On Nov. 9, University of Missouri system president Tim Wolfe resigned, citing "serious concerns about the MU campus and its leadership." His resignation came no more than 48 hours after dozens of African-American members of the Missouri football team announced their intention to stop participating in any football-related activities until Wolfe resigned or was removed from his post:

One day before Wolfe ultimately resigned, head football coach Gary Pinkel tweeted the following image, indicating the entire football program would back the movement:

The football players were part of a student movement protesting Wolfe's leadership after a series of on-campus racial incidents over recent months received an insufficient response in their eyes. For nearly a full week prior to the football players announcing their de facto strike, a graduate student named Jonathan Butler was on a hunger strike in protest of Wolfe's continued employment, writing in a Facebook post that he would not "consume any food or nutritional sustenance at the expense of my health until either Tim Wolfe is removed from office or my internal organs fail and my life is lost."

Through the first five days of Butler's hunger strike, Wolfe remained steadfast that he would not be stepping down. Within 48 hours of the football team ceasing all football-related activities, Wolfe was gone.

Sonny Vaccaro, a former Nike and Adidas executive and long-time advocate for student-athlete rights—he was a consultant for the Ed O'Bannon case against the NCAA over student-athletes' likeness rightsbelieves what happened in Missouri may be just the tip of the iceberg for collegiate athletes.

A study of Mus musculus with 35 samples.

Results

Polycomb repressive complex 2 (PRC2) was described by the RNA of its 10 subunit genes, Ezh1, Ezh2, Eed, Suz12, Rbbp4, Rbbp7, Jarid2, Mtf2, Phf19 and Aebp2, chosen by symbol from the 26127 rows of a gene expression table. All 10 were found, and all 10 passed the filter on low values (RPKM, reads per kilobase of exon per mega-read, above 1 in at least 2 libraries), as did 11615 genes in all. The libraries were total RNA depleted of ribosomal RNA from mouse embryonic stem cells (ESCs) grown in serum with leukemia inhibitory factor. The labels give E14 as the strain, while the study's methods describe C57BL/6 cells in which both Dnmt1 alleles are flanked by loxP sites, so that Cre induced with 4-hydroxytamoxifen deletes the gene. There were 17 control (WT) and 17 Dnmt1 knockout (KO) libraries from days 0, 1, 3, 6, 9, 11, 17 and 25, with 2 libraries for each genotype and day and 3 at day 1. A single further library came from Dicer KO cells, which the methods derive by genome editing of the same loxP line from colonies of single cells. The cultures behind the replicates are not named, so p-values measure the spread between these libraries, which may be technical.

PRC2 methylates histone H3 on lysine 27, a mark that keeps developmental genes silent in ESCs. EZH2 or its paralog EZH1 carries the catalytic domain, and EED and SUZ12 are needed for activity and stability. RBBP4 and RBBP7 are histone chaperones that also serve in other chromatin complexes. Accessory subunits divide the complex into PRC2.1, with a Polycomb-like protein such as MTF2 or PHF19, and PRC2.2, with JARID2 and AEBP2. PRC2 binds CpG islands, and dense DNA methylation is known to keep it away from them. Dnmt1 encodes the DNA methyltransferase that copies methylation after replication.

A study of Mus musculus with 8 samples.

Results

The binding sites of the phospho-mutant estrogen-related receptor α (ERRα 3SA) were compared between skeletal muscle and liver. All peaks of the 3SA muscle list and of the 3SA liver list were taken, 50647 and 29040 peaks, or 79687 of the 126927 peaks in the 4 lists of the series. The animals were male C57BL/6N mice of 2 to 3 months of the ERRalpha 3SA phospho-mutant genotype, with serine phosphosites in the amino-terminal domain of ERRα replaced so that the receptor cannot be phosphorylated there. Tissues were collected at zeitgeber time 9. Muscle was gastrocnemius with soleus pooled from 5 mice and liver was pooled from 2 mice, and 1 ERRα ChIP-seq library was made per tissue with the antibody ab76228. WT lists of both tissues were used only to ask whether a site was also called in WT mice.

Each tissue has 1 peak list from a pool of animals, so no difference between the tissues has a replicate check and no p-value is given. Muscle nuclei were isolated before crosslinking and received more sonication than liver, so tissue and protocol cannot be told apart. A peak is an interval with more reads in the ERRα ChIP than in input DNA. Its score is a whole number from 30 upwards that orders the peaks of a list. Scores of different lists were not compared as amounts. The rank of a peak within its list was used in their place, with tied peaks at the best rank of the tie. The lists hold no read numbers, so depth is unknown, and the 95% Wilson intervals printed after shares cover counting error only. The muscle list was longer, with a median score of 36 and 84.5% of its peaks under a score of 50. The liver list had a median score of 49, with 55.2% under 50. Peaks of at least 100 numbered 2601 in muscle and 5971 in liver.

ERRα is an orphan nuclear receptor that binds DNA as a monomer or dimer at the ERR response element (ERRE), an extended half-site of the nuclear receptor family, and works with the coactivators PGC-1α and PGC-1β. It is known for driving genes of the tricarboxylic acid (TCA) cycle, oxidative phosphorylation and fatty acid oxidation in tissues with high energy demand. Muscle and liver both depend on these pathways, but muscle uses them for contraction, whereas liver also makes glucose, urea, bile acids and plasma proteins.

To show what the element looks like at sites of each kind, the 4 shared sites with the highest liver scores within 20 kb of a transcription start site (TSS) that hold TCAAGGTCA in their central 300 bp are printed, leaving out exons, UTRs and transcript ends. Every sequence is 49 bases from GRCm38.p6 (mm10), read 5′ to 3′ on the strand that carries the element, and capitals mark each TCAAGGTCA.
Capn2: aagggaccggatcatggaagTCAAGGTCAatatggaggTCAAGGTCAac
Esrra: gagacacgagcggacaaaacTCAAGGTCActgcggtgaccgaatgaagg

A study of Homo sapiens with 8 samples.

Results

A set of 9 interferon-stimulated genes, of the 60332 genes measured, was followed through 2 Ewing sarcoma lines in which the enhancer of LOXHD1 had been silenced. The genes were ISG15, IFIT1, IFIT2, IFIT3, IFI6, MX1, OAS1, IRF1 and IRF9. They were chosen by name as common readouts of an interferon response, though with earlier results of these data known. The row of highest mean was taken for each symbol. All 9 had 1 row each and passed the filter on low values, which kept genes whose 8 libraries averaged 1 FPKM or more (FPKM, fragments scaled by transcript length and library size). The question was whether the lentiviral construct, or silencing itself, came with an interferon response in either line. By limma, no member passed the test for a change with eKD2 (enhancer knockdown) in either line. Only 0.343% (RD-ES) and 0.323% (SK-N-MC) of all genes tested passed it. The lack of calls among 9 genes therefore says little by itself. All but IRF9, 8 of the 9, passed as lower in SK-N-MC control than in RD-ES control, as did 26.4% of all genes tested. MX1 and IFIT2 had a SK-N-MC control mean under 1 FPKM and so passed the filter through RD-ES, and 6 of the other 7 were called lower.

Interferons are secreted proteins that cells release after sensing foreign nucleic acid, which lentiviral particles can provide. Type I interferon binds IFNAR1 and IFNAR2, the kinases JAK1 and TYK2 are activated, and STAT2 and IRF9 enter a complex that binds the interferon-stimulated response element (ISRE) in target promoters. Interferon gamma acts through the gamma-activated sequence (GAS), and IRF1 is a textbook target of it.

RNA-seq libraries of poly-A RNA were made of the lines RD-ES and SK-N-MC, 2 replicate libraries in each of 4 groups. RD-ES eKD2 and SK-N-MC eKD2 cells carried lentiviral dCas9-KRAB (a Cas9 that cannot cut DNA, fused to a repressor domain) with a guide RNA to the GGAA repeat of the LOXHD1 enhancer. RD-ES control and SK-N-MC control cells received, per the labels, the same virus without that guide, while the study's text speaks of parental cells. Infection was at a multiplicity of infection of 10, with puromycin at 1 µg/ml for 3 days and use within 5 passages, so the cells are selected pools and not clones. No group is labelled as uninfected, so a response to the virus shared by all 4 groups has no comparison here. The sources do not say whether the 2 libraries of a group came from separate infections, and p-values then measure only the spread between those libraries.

"This is what I've believed could happen for 30 years and what I think is the deepest fear for the NCAA—athletes control what happens on campus," Vaccaro told Yahoo Sports' Dan Wetzel. "This is an unbelievable step forward for athletes."

Former Missouri football player Michael Sam, a trendsetter in his own right, likewise thought the team's stance—and Wolfe's subsequent resignation—spoke volumes about the power high-profile collegiate athletes have off the field. As he told Bleacher Report's Greg Couch:

People on this campus, especially African-Americans, believe they've been ignored and do not have a voice. And President Wolfe would just pretty much wave it offuntil the football team said something. That's when the wheels got turned. Wolfe said one person couldn't make a difference, but boom.

It always starts with sports. Not just the football team, but sports in general. Jackie Robinson, Arthur Ashe. Nothing came to be without the football team's help. Black or white, gay or straight, we are a family. And family sticks together.

As ProFootballTalk's Michael David Smith tweeted, Missouri's leadership overhaul could set a dangerous precedent:

However, before projecting a nationwide football player-led insurrection against collegiate presidents, the unique circumstances of Missouri's change must be considered. The #ConcernedStudent1950 movement had been in full force for weeks before the football players became involved. They also weren't protesting something trivial; repeated racially tinged incidents deserved condemnation and the attention they eventually received. Barring a spread of such incidents across college campuses across the U.S.—and collegiate leaders who ignore said problems—what happened in Missouri may ultimately prove to be more of an outlier than a sign of things to come.

As CNN's Rachel Nichols tweeted, however, other collegiate athletes can learn from the Missouri football team's actions:

What comes of the Missouri football team's stance remains to be seen. Given the booming economics behind high-profile college sports, though, such athletes have seldom wielded more off-field power.